Steve Sax was one of the better second baseman of his generation. A star for the Dodgers, the speedster was the 1982 NL Rookie of the Year, a five time NL All Star, a two time World Series Champion and even picked up a Silver Slugger Award in 1986. After his time in L.A., Sax played for the New York Yankees and eventually the Chicago White Sox and Oakland A’s before retiring after the 1994 season.
In the newest installment of Card Back Q&A, the Dodgers standout second baseman talks about his admiration for Pete Rose, his love of the drums and his made for TV movie moment with his father.
Tony Reid– On the back of your 1986 Fleer card it states that Pete Rose has always been an idol for you. What drew you to Charlie Hustle?
Steve Sax-Pete Rose was a guy that I admired. I liked his style of play. He didn’t seem to play for the money. He loved the game. I loved his hustle. He was an overachiever. If Pete Rose went to a tryout camp at that age he might not even get drafted. He had below average power. He had below average arm. He wasn’t a fast runner. He wasn’t a five tool player. He turned out to be one of the greatest players ever because of his heart and his tenacity. That’s what I like because I was definitely an overachiever. I wasn’t as talented as a lot of other guys. Baseball was hard for me. It was a hard game to play. I had to really gut out a lot of things. Even when I ran it wasn’t easy. My running was a big part of my game but I had to work at it. None of it was easy for me.
TR–Speaking of running and also flipping over your cards, your stolen bases totals would have led the league most years in this era. What do you think about the drop in stolen bases and the numbers the league leaders are posting these days?
SS-Yeah I think that is going to come back, Tony. I hope it does. Speed is such an exciting element of the game. People say baseball is boring. They say its long and that’s because there isn’t enough speed in the game. Speed moves the game along and you don’t see enough of that today.
TR- Your 1990 Topps Big card states that one of your favorite pastimes is playing the drums. Do you play drums today?
SS-That’s absolutely true. I love playing the drums. I’m going to start a new career when I am done with this and become a drummer in a classic rock band and off I go. I will be an 80 year old drummer someday. I started playing the drums when I was nine years old. I played in the school band. I got to do some celebrity sit-ins with the Beach Boys and Tracey Lawrence. I have always liked playing the drums. I am OK at it. I know I could be a lot better if I played more. I can play the basic stuff OK and get away with it.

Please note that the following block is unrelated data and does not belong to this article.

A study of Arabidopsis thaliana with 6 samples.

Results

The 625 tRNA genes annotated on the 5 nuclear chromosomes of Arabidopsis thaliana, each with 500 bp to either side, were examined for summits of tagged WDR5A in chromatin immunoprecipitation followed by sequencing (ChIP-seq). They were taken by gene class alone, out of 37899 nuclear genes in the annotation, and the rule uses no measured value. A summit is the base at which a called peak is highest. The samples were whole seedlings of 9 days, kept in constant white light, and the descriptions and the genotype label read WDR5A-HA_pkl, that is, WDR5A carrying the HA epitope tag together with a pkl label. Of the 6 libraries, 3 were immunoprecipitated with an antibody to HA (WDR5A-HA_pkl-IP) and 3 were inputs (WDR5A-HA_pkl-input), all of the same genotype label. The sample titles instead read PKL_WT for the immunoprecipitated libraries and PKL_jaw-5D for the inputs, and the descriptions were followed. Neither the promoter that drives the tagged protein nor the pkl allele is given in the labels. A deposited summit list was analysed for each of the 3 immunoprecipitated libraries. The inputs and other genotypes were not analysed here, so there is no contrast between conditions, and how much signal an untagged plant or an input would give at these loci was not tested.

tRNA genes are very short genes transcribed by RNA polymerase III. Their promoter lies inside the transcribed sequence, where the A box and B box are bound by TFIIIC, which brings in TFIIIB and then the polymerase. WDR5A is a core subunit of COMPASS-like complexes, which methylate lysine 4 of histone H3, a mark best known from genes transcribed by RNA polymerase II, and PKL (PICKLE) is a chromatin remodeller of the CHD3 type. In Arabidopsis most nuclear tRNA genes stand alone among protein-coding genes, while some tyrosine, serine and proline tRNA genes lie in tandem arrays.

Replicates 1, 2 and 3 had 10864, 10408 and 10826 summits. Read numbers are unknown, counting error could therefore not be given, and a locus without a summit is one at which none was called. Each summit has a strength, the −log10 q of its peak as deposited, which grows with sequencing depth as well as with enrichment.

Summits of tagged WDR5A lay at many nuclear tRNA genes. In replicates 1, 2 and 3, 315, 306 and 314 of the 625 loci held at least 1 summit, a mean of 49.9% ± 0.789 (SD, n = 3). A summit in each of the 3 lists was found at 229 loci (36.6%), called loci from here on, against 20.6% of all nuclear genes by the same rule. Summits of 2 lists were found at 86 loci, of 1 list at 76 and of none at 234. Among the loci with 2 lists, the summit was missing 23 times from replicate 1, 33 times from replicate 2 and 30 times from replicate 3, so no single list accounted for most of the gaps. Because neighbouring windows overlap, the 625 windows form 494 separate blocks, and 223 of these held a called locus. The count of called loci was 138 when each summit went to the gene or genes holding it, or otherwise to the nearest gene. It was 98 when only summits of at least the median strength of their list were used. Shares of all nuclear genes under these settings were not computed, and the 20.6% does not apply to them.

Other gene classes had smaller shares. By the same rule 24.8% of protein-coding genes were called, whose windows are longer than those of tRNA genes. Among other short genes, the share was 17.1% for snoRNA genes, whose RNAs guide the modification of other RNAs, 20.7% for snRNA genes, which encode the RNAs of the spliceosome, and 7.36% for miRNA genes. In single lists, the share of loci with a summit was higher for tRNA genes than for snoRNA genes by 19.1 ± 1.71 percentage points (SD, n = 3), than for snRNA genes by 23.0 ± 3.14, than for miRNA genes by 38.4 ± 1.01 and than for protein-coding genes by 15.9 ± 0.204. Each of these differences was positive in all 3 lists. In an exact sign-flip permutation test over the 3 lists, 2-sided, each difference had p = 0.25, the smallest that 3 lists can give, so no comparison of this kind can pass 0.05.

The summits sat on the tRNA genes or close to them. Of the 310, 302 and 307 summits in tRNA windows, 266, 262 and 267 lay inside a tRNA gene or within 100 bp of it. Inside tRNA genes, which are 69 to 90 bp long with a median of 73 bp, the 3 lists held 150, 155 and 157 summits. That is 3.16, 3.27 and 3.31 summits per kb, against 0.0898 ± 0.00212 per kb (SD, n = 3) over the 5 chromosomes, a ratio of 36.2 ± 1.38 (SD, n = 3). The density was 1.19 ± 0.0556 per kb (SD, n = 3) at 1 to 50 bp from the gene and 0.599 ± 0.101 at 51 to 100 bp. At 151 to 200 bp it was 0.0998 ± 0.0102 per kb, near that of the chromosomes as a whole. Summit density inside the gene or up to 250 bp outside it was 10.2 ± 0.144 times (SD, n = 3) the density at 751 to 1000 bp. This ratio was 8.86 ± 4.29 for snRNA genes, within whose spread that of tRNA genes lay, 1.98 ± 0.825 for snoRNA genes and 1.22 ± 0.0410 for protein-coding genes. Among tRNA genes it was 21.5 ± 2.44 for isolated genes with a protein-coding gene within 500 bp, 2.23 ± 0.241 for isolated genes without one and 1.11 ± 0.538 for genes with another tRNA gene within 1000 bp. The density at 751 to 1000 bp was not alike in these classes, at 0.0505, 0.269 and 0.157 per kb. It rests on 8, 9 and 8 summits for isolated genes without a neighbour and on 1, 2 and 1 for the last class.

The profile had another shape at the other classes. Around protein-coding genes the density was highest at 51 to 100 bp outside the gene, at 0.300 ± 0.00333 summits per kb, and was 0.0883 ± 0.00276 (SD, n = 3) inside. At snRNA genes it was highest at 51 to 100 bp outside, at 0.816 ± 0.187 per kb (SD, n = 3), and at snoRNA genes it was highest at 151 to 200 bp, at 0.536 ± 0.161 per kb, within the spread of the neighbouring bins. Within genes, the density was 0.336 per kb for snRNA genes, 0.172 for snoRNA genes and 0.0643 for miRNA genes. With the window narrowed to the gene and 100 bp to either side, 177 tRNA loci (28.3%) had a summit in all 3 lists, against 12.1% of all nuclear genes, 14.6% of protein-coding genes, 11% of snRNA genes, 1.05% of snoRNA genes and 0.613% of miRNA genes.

TR-The back of your 1990 Little Big Leaguers card stated that you promised to hit homerun for your dying father and then went out and hit the first one of the season. Is that a true story?
SS-I remember that card. That is absolutely true. I am looking at the ball right now. My dad had heart disease and this was right before I signed with the Dodgers. I promised my dad I would hit a home run for him when he was in the hospital. He was getting ready for heart surgery. It was in American Legion. I had already been drafted and I couldn’t sign because there was an All Star game on the following Wednesday. I was drafted on Wednesday and the All Star game was the following Wednesday. If would have signed my contract I wouldn’t have been able to play in the game because I would have been a professional. Long story short, I wanted to wait a week to sign because I wanted to play in this game. I was still an amateur and I was able to play in the American Legion game. I told my dad that we had a double header in the ball park he played in in high school, at Clark Field in Woodland, and I told my dad I was going to hit a home run for him in one of these games. I was batting third and it was my first time up in the first game. It was the first pitch I saw all night. I swung and I hit a home run. I signed the ball and gave it to my dad and I wrote ‘I kept my promise’ and I gave the ball to my dad. It’s a true story. I wasn’t a home run hitter. It just turned out God was with me on that one and it happened.
More Q&A on other baseball subjects here.